Unlike our dogs, who have an aptitude for biting off more than they can chew (if they chew at all), when it comes to fulfilling our fitness resolutions, we might be more successful with a modest approach. Take, for instance, recent findings that only 150 minutes a week of moderate activity (such as brisk walking) can extend our lives by 3.4 years! A daily dose of 22 minutes might seem like a trifle to dog people, most of whom have this covered with dog-walking duty (albeit, probably not at a “brisk” pace). We also learned about the perils of prolonged sitting.
This is one of the first interviews (if not the very first interview) ever to appear in the pages of Bark. It was originally published in Bark’s third issue in fall 1997—back when Bark was still printed in black-and-white on newsprint—when Jeffrey Masson first released his book Dogs Never Lie About Love.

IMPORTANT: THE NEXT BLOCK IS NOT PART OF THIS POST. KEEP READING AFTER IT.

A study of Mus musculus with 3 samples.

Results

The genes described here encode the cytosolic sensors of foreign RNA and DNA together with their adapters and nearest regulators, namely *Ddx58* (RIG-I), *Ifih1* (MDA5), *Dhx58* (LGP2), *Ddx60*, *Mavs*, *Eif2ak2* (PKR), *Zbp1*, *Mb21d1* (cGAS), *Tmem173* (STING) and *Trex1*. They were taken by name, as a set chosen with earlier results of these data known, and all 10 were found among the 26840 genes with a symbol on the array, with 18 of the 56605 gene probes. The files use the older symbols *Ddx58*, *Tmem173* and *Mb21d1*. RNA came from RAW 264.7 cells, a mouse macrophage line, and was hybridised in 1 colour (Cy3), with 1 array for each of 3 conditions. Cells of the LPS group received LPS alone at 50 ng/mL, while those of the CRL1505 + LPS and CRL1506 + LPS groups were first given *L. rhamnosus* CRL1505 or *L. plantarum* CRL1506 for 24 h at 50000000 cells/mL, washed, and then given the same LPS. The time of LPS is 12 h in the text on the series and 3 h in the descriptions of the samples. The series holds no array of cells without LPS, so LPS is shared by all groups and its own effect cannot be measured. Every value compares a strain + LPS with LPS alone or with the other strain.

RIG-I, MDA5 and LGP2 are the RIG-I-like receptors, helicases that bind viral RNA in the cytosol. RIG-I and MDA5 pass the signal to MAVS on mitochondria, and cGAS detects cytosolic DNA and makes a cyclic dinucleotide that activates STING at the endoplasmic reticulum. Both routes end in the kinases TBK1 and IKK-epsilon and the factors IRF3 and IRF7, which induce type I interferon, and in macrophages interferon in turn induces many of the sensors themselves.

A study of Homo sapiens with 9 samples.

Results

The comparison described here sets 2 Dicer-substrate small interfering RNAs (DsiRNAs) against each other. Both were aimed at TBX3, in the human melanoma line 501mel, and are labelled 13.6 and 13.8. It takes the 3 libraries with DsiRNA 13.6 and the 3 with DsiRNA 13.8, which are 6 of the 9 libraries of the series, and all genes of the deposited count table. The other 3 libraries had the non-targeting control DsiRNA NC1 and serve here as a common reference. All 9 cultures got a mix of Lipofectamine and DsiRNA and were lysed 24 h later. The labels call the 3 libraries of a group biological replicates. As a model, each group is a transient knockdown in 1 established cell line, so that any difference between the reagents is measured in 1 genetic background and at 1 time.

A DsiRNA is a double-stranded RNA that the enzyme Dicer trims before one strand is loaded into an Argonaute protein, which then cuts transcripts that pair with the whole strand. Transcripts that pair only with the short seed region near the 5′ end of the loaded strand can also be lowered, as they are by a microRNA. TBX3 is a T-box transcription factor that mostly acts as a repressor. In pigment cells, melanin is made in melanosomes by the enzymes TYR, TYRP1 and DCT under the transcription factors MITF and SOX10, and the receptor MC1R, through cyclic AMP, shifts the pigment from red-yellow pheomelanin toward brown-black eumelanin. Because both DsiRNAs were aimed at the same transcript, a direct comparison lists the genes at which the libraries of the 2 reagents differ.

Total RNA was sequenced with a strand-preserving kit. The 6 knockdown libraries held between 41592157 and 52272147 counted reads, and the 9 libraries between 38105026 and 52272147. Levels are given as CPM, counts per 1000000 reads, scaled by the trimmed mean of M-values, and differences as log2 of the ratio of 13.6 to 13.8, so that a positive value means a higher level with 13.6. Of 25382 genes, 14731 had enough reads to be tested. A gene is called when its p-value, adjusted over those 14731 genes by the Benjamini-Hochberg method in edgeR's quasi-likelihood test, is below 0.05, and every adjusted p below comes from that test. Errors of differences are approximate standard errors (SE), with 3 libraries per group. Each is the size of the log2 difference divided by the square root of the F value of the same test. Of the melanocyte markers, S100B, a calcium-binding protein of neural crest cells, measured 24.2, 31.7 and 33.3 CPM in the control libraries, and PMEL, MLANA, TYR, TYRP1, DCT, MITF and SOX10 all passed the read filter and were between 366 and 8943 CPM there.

“This is not your food! Don’t even think about eating it. This … is … not … your … food.” What do our words mean to dogs? Not that I’m about to stop speaking to dogs anytime soon, but I do wonder what my daily utterances signify to Millie, Piper, Upton and Finnegan, the dogs I converse with on a regular basis. Do I sound like a cross between Charlie Brown’s teacher and Gary Larson’s “What Dogs Hear” cartoon? Are we on the same page, or even in the same book?
For those of us who love dogs, using DNA tests to deconstruct our mongrel pooch’s mysterious heritage is appealing because we want to be able to answer the question, “What kind of dog is that?” Companies say that DNA-based diagnostic tests, which sell for about $60, can answer the question by comparing your dog’s DNA to over 100 of the most popular breeds. But are the tests accurate? I decided to find out.